A new study in the midwest sets out to measure what Nancy Flanagan and other champions of music and arts education have always claimed: students will learn better–derive measurable cognitive benefit–from music education.
An observant high school instructor can tell within two weeks of the start of school which of his students have been or are musicians, and which have not been so fortunate. There is an ability to hold focus, an attention to form, and a self-disciplined sense of esprit de corps and one-for-all that the musical student manifests, in my 20 plus year experience.
At the Mankato, Minnesota public schools, Larry Scripp of the music education department of the New England Conservatory (pictured) is overseeing empirical trials of the claims made for music instruction in the public school.
As the article points out, music education engages kids in spatial reasoning and problem-solving, as well as sophisticated left-to-right decoding (language acquisition) skills.
An amateur musician, I wish to point out that musical education fits neatly into the whole blended education idea I’ve pushed lately for American schools. No: music class is not the mixture of on-line and in-class sessions that “blended learning” usually connotes. But note how the successful music student works independently and collaboratively in order to maximally learn. Like a blended learner, the musical student works within a group, but also at his own particular level, whether first oboe or third, and the learning situates itself there, where the learner is–in that excellent zone of proximal learning.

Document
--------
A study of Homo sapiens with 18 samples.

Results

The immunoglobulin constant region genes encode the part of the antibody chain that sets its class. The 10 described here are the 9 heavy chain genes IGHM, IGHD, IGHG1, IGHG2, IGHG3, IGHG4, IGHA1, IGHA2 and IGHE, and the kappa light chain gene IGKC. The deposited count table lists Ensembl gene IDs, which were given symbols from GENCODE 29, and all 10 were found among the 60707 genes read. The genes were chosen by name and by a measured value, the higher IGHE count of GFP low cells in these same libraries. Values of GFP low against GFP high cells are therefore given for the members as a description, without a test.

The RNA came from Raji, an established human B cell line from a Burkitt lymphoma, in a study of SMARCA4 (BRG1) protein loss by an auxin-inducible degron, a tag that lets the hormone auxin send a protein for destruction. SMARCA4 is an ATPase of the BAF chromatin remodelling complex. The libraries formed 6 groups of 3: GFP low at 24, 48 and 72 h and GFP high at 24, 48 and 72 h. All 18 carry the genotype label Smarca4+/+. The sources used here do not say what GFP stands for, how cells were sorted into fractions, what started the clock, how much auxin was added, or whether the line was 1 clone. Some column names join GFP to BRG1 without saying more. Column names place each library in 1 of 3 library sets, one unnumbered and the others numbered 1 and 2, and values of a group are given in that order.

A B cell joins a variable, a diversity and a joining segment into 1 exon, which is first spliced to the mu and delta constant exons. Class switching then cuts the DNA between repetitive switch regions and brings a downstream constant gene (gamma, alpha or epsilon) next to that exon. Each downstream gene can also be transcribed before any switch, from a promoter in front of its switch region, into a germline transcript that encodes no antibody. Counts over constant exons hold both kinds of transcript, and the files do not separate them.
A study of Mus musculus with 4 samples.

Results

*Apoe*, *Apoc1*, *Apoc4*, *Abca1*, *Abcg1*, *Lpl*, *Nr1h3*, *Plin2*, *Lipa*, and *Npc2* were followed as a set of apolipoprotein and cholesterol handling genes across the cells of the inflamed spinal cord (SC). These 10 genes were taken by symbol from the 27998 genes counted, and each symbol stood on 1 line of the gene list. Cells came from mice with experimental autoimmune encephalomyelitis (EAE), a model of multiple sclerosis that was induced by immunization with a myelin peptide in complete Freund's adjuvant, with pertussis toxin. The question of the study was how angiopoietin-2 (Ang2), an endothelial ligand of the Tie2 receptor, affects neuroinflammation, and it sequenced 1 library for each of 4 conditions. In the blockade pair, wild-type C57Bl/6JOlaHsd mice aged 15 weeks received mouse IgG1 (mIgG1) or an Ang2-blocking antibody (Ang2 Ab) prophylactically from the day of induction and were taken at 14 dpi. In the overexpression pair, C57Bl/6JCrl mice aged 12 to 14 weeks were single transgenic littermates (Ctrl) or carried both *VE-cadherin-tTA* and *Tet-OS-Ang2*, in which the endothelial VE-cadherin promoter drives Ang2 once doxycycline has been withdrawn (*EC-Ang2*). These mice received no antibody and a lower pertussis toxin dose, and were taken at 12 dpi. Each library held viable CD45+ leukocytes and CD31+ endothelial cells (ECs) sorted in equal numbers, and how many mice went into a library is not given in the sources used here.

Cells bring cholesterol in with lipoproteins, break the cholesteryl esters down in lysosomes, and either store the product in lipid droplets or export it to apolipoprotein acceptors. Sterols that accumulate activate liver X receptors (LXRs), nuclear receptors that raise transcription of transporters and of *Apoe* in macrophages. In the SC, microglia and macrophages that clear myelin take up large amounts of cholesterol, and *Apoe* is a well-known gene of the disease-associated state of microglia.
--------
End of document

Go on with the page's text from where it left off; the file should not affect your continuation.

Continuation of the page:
And also, like the best learners, the music student achieves collaboratively: whether his conductor, his composer or his fellow musicians are there or not, the musician practices a social art–he strives to learn how to better communicate with a community of others who, likewise, are collaboratively construct meaning to share with others.
To summarize, my ideal schooling is a blended school, and contains plenty of musical and arts education.